Key Idea: Establish An Upward Spiral of Achievement

Bud Crystal could retire but he doesn't want to.  He enjoys stretching to make every job he completes better than the last.

Key Question:


Set growth goals that will make you stretch.

Q:  Why is this so obvious but still hard to do?

A:  We become content. We get in a rut that is very comfortable even though we don't fully enjoy all the parts of our lives. It seems easier to put up with the parts that aren't perfect than it would be to change. This is not the attitude held by Bruce, Bud and Ron. These men see life as a continuous series of problems to solve and they would be disappointed if they didn't have the challenge before them.

Ron said he looks carefully at his financials and sets goals every year to increase his net worth. He also said that his friends tell him he is not happy unless he has his sleeves rolled up and his mind wrapped around a project. Rest assured, you don't have to make millions running your business from home. But if you want to, follow Ron's advice.

Think about it

What do you think? Where are your weak spots? What needs to be strengthened?

Clip from: Home Alone - 17+ Million Sole Proprietors (USA)

In search of an endless summer

Bend, Dallas, San Diego and Santa Fe: In this episode of the show, we take a look at nine people who work and live within the same physical space. It has its own special challenges. 

We seem to be making the circle, back to a pre-industrial lifestyle, but with knowledge tools -- the integration of broadcasting, information (technology), communications, education and publishing -- that challenge us to look deep within ourselves to craft and sculpt our unique gifts to give back to the world.

There are about 17 million sole proprietors in just the USA; they are all unique and most have returned home to work.

Graef Crystal Report

Bud Crystal, Writer

(702) 873-9055



HATTIE: How do you keep on top of things, how do you know where you are now to set your next level of goals?

RON: Well every year I make up a new financial statement, and in that we go through and put the current values on the properties that we own. Get reappraisals or whatever is necessary to come up with those. And it turns into a kind of a game on how much you can add to the bottom line every year. But, you really have to stay on top of what you've got. Like in Kansas City right now, the leasing market is running about 20% vacant on the commercial side. My product is running like 4% vacant, because I constantly remind my broker what I have vacant. And consequently he stays on top of my stuff.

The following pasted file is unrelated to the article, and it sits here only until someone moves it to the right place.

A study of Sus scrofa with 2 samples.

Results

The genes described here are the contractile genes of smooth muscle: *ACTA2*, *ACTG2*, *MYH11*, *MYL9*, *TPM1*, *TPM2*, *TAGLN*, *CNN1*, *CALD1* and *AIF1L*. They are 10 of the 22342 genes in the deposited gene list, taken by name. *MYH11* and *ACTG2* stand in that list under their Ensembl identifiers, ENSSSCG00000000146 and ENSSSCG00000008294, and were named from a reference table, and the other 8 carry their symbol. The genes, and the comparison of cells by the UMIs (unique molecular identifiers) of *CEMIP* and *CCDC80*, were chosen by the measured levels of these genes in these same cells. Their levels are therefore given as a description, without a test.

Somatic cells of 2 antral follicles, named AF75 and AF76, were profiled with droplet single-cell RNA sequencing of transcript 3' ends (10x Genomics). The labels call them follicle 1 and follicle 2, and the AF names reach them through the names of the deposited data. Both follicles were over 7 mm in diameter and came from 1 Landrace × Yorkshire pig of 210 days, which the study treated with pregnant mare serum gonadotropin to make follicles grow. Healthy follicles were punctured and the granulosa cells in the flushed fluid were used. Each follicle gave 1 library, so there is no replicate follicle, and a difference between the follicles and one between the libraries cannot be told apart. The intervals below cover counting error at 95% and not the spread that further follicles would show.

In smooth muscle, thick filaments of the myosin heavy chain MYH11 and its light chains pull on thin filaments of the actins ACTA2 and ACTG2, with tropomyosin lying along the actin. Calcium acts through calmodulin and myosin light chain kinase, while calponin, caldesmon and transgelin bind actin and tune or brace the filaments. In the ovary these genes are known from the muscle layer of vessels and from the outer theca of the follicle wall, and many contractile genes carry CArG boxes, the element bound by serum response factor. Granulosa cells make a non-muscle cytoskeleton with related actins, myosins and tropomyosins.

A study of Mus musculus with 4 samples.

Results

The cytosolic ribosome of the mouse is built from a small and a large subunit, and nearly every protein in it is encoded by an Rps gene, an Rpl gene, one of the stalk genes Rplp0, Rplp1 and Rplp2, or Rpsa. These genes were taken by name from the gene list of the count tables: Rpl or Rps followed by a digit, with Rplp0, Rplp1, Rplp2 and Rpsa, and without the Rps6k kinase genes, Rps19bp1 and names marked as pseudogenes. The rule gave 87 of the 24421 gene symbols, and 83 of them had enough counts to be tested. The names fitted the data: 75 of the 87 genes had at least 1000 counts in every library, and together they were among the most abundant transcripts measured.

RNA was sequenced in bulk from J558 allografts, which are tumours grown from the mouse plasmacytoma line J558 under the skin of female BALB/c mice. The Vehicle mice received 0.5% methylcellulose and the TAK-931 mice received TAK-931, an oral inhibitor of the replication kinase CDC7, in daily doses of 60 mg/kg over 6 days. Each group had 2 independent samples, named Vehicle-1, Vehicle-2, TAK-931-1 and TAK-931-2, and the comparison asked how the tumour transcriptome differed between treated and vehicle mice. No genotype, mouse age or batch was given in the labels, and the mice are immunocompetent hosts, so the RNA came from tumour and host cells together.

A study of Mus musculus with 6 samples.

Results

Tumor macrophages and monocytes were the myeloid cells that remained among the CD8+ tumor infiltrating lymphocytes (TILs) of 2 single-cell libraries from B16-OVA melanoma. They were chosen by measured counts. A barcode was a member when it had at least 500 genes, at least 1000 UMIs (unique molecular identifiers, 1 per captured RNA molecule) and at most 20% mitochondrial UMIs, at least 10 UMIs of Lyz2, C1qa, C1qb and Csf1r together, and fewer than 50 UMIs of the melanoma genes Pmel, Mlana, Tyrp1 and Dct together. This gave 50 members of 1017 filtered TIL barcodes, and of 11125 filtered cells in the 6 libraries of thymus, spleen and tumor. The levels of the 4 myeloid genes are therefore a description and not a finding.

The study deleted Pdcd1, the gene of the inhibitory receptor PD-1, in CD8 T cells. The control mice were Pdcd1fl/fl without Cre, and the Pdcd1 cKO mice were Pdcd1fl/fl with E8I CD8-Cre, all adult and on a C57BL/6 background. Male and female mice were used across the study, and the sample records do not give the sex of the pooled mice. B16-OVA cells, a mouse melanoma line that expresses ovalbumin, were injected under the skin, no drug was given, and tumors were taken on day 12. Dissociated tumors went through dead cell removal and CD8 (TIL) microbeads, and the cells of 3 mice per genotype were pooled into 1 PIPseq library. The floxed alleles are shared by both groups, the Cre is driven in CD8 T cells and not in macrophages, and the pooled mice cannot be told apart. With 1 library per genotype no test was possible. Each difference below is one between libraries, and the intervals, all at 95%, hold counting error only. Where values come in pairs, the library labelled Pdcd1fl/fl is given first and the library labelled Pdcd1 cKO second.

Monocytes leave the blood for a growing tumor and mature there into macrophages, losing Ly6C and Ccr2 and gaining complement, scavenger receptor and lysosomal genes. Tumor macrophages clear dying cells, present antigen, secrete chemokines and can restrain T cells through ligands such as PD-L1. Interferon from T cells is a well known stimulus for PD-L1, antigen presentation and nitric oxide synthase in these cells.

HATTIE: If you had a 20 year old in that same architecture class that you took, come to you today and say, "Ron, I want to be like you." What would you tell them?

RON: Hard work. Listen to your clients, put in your time, and you should make it.

HATTIE: (To Bud Crystal) You're sitting in a beautiful home on the harbor of San Diego, just about as far away from where a lot of people think big decisions are made in New York City.

BUD: Yeah, I should be in New York, which I was for 24 years. I think the thing that saves me now that I think about it, is the media, because I do talk to them-- I don't see them, but I'm on the phone probably 2 or 3 hours every day talking to various people all around the world.

HATTIE: (To Bruce Camber) So in addition to making television, you're publishing a large amount of support to help the viewer learn more.

BRUCE: Constantly.

HATTIE: So you're really manufacturer and a publisher.

BRUCE: We are. We're manufacturing and publishing.

HATTIE: Now I want to ask the question. How do you do that from a home office?

BRUCE: We have the most incredible infrastructure of computers. We have installed computers and we're installing more computers every day. They're called edge servers. We have our primary computer in Alabama. When we turn on our computers we're directly connected to our main computer and all of our edge servers.

HATTIE: What kind of work goes on on the flat screens behind you right now?

BRUCE: WE actually edit the rough cut of a show. We take the raw footage in and you will sit down with our editor who especially comes flying in from Dallas, who's a very special person. And you'll sit at these computers and actually pull the story together, it's called offline editing. And the three of us will concur on the storyline and the major parts of it. And then John will take it back with him to Dallas and really fine tune it. Make everything beautifully equalized, sound and visual.

HATTIE: Tell me when you got the 'ah-ha,' or the insight or it hit you, I should office at home or I could office at home. When did that happen?

BRUCE: This is a little strange because I think I had a epiphany in 1979 when we were doing a special project at MIT and we began seeing the power, not of the Internet then, but of network computing. Well obviously in 1994 when the internet began to break open, and we started the television show, I began to realize, "My goodness, we can live anywhere, we can be anywhere and we can do anything we want at anytime we want." The Internet was a great awakening for me. It was a wonderful 'ah-ha' because now it was, "Wow, it's no longer just Massachusetts, but you know, I can live anywhere."